The room was a machine that measured my condition: how much of me remained, how much of me was no longer there. I was both perpetrator and witness, both actor and audience in a theater of one. I could follow the progress of my own dismemberment. Piece by piece, I could watch myself disappear.
― Paul Auster, ‘Moon Palace’
I stare at the whorls and the swirls, the patterns on the wall of my room. My room is a cube, a white cube. I live here. I haven’t gone out of the house in a long time. I have severe social phobia. Though this phobia only manifests itself in this town where I grow up and still live. Walking among strangers in a vast city, I have no problem at all. It’s when I encounter these people whom I have a past with, that’s the time that I have a problem. It’s not shyness, I realize now. I am not a shy person. If I know how I ‘fit’ in the scheme of things, if I know what my role is in a situation, if I know my purpose, then I have no fear. This could be a sign of a deep-seated conservatism on my part. Not a political conservatism, but a psychological and philosophical one. Given the choice of participating in something that I am not comfortable with and just staying in my room and doing something that I like, I will choose the latter every time. Could this be a sign of what is called ‘perfectionism’? I doubt it.
There are empty hangers on a line in my room. The line is held up by these nails that I have hammered onto the wall. The line is made of nylon and they twine around the nails. My room is tiny, and exactly three steps from where I am sitting and typing these words are my dumb bells. There are four of them. Two large ones. Two little ones. I have recently taken up lifting weights once more. It helps me deal with the boredom. It helps me deal with the isolation.
I tell myself to keep things ‘light.’ By this I mean not to think too much of dark and depressing things. This is why I avoid the news as much as I can. It’s not so much that I am saddened by the misery happening in the world, it’s that this very misery is making me feel not so bad about my situation. That feeling of comparing my suffering to others’ sickens me. It’s what the Germans call Schadenfreude. It’s not so much taking pleasure in the misery of others as feeling a bit less miserable because of that suffering. At least that’s my interpretation of that specific condition. So I avoid the news because it brings out this ugly aspect of myself. By this ‘lightness’ which is my ideal I mean humor. Funny things. A light-heartedness. The Thai have a specific word for it and which translates into English as a ‘cool heart.’ I want a cool heart. I want a cool heart and a cool head. It is said that we desire what we lack. Do I lack these things?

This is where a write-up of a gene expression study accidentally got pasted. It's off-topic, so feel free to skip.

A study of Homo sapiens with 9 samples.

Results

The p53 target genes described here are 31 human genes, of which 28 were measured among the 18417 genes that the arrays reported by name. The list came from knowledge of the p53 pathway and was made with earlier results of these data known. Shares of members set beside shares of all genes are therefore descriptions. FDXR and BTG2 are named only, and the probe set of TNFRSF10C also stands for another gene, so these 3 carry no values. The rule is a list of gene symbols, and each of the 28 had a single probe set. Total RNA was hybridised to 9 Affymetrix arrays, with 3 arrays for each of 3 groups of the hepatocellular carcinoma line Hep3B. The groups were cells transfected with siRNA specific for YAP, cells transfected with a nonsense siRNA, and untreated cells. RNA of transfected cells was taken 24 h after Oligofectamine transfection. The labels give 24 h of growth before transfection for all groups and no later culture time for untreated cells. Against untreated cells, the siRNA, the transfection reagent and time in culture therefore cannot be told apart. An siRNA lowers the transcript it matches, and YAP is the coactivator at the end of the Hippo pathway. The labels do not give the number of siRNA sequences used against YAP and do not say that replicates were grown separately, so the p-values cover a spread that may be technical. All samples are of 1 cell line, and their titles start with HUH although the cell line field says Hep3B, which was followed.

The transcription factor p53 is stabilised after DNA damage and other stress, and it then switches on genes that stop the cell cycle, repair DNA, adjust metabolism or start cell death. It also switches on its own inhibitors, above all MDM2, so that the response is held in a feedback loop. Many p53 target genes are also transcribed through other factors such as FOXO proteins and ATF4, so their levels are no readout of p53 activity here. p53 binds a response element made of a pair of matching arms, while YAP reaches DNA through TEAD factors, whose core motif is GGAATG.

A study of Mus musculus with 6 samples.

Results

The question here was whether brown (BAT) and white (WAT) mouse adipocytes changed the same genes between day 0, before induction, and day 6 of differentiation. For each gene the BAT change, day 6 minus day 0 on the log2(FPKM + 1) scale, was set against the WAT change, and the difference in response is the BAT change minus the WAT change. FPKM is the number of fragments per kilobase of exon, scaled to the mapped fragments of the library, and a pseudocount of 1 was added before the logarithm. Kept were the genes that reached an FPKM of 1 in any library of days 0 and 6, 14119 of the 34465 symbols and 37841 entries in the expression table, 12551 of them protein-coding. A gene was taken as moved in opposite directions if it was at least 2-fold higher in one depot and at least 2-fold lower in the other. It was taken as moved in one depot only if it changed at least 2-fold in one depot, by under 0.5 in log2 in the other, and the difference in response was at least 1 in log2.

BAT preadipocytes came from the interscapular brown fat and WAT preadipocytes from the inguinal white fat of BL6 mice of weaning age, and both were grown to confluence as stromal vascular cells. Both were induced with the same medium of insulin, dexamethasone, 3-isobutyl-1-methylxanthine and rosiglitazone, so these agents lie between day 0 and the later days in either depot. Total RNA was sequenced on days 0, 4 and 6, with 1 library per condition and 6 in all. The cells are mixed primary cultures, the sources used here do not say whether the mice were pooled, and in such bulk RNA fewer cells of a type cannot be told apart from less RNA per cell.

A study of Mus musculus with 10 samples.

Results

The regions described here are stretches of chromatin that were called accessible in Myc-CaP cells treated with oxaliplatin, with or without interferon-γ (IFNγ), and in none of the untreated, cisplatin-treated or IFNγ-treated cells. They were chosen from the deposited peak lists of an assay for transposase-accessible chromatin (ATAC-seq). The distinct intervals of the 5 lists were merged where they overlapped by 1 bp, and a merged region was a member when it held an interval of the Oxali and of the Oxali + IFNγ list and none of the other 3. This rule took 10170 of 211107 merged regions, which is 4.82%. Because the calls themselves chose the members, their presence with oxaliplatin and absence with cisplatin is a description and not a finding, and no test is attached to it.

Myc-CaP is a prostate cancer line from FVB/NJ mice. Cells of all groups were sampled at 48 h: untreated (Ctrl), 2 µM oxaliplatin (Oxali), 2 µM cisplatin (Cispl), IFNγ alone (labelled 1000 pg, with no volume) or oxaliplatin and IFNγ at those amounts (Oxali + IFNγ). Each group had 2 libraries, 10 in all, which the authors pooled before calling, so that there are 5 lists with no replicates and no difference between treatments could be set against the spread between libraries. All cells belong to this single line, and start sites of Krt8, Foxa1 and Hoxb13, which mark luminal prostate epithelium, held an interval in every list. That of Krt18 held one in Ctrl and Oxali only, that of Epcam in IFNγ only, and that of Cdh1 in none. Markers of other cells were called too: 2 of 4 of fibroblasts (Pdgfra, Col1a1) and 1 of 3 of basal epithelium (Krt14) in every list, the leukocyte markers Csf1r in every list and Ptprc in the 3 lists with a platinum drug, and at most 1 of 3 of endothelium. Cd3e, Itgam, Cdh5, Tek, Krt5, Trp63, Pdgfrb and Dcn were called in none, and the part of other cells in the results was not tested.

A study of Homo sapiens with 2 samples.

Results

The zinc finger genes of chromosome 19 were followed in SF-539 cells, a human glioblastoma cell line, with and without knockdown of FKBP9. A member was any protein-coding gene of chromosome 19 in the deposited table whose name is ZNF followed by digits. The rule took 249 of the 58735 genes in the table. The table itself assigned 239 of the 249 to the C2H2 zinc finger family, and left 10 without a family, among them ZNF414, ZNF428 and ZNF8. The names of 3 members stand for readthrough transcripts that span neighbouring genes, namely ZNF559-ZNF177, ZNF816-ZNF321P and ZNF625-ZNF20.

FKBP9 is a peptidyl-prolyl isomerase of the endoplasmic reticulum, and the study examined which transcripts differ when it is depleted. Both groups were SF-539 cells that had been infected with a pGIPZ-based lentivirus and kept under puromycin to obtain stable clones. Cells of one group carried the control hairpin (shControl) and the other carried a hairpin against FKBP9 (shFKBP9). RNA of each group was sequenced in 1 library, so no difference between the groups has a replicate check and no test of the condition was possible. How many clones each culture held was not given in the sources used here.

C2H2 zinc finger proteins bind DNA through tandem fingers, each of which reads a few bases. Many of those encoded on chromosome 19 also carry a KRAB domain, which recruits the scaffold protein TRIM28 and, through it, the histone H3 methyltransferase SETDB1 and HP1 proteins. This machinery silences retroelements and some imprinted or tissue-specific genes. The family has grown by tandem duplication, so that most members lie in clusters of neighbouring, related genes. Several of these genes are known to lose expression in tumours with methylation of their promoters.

I sometimes have these manic episodes where I just clean my room. I dust the furnitures, my books, my things, I sweep the floor, I then mop it, I arrange things. The arranging takes quite a long time. It’s like I want everything to fit into this schema that has suddenly appeared in my head. It’s a mental itch that does not easily go away until it falls into the reality of my room. Often when after hours of arranging, things still do not ‘fit,’ I just overload and stop. I drop whatever it is that I am holding, I leave things half-way done. I simply give up, sit down, like my mind has encountered an error and has to shut down for a while.
I like repairing things. The electric fan that I am using now I repaired myself. It’s a Frankenstein sort of thing, with parts from older damaged fans that I have cobbled together using wires and electrical tape. The electrical tape is red in color. The propeller does not automatically turn left and right because I pulled out those parts of the machine that makes the electric fan do that motion. The grills that cover the propeller gathers so much dust sometimes that I am very careful not to touch it for fear that the dust would be disturbed and fill my room.
I keep the center of my room empty. All my furnitures – the table, the plastic containers with my clothes, my table on top of which are placed my laptop, my scanner and other electronics – all are arranged around this empty center. Above this center, on the ceiling, is the fluorescent light. It’s a white cylinder of glass that has been in use for so long that it’s no longer very bright. It used to be that I could barely stare at it. Now I can look at it just fine. There are spots on the surface of the glass that are yellow in color. I wonder how it came to be there.
My books are arranged to my left. By ‘arranged’ I mean piled one on top of the other so that they look like mini sky-scrapers. I have read most of these books. I collected them through the years. These are the distillation of more than ten years of collecting and donating and lending, and sometimes stealing. I have books borrowed by friends that are still to be returned. One book is entitled ‘The Art of Loving’ by Erich Fromm. It was borrowed by a classmate of mine in a history class back in college. Another book is ‘Living Dolls, A Magical History of the Quest for Mechanical Life’ by Gaby Wood. It was a lucky find of mine in a secondhand bookstore around 2008 back in college in the City. I remember the cover was very iconic. It was a photo of a hand of a marionette. The back has a square hole so that you can see the mechanism inside that makes it move. A few years later I would use that book as a source in a paper on the topic of cyberpunk.
I am now sitting on my bench which also functions as my bed. It is made of wood and it is cushioned. This bench/bed does not have a backrest so I placed it flush to the wall, so the wall acts as a backrest. It is early morning here, and cold, and the fan is blowing air straight into me shooing the mosquitoes and other insects away. I love the sound it makes, I believe it’s called ‘white noise.’ I wind down at around two in the morning, and fall asleep to the sound of the fan filling my room.